Phoenix Weapons Crimes Defense Attorneys
If you have been charged with a weapons violation you may believe that you can handle the matter yourself. However, weapons charges have a tendency to grow into much larger and more serious charges. Weapons charges may be added to other criminal charges and enhance them to felony status or may mean years longer in prison if you are convicted.
Arizona defines weapons charges several ways, including:
Class 1 Misdemeanor
Carrying a weapon without a permit or carrying a weapon into a public area is usually charged as a Class 1 misdemeanor if there are no other charges attached to the incident.
Class 6 Felony
In Arizona, you can face up to a year in prison if you are convicted of selling or transferring a weapon to someone who is prohibited by law from having one in his or her possession such as a convicted felon. You can also be charged with a felony for removing a weapon’s serial number or for being in possession of a weapon with a defaced serial number.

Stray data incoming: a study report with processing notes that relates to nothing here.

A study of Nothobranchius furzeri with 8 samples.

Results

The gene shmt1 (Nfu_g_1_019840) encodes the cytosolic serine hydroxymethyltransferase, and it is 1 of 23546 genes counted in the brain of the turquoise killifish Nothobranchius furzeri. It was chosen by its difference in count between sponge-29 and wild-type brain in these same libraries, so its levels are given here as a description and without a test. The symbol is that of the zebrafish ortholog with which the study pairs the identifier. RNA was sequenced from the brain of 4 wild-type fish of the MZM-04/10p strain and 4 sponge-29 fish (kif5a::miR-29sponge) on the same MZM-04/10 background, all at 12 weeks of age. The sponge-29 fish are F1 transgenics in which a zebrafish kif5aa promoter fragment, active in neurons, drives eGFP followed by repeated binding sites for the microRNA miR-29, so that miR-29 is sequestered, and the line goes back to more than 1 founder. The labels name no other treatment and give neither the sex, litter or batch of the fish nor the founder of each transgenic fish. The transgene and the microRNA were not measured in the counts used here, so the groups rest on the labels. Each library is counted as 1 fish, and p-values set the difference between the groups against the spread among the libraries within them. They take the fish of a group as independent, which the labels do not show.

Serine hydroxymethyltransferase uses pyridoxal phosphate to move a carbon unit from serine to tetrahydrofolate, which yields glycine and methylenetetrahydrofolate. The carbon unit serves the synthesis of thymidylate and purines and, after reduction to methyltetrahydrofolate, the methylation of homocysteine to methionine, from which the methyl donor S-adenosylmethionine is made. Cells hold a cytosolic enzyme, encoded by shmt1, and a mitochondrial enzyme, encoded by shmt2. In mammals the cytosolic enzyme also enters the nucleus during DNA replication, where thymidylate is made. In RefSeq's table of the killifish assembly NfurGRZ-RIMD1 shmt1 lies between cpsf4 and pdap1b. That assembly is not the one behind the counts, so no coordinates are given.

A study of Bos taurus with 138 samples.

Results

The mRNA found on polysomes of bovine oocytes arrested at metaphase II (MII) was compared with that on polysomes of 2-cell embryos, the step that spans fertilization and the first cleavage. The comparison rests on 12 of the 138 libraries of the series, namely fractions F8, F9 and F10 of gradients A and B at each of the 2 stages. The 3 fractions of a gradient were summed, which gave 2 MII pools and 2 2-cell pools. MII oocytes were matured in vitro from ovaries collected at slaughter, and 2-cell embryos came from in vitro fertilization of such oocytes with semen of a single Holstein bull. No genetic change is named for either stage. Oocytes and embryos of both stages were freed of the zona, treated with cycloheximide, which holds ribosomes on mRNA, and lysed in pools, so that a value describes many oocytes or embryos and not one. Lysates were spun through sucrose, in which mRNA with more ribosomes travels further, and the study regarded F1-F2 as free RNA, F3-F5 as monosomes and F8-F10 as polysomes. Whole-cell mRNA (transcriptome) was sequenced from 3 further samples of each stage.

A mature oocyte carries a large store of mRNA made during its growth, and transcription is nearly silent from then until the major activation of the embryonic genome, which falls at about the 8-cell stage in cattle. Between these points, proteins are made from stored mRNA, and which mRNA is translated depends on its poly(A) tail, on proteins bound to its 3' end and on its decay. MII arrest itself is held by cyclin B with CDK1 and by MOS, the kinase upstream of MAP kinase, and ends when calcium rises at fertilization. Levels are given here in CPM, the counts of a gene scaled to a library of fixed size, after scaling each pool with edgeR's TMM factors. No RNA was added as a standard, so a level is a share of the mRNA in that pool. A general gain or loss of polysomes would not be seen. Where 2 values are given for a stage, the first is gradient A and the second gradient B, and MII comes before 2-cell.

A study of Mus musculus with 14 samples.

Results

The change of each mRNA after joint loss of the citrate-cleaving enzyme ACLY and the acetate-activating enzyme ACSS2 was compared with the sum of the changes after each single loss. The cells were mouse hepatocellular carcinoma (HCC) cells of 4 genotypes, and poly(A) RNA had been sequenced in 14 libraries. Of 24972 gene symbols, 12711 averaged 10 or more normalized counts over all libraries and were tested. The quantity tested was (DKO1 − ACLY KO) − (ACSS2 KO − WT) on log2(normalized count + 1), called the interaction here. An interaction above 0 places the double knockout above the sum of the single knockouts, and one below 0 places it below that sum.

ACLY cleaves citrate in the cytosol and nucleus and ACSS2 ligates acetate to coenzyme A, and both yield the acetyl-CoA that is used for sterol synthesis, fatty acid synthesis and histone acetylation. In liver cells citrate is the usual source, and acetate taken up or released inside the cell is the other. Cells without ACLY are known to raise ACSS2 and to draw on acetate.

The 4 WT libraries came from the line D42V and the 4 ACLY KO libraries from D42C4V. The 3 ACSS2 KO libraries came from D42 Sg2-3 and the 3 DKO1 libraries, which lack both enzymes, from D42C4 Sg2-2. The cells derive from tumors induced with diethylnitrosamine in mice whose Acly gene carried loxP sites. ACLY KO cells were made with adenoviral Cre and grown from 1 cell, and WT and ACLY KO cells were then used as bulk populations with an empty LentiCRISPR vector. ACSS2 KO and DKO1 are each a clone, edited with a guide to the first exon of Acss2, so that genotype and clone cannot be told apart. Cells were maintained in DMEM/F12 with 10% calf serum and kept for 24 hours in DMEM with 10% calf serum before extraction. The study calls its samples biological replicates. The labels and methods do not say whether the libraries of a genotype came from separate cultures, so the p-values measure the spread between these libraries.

Class 4 Felony
Arizona prosecutors may charge a person with a Class 4 felony that equates to 2.5 years in prison on conviction for manufacturing or selling a prohibited weapon, possessing a deadly weapon while prohibited by law, or possessing a deadly weapon when committing another felony. It is also an automatic Class 4 felony to enter a nuclear facility with a deadly weapon.
Class 3 Felony
Discharging a weapon as part of gang activity, in the assistance of a felony activity or as part of an act of terrorism is an automatic Class 3 felony and carries one of the harshest prison penalties of any weapons charge.
In many cases, felony or misdemeanor weapons charges are not “standalone” charges. They are usually combined with other criminal charges to add possible prison time and to make it more difficult for those who commit crimes to escape punishment for their actions.
However, this also means that prosecutors are often willing to drop these types of charges in exchange for a favorable plea agreement. In some cases it may be in the best interests of a person accused of a crime to negotiate a plea to certain charges in which prosecutors agree to minimize the sentences or drop other issues due to the accused person’s cooperation.
A criminal defense attorney will always work with clients to secure the best outcome from a criminal charge.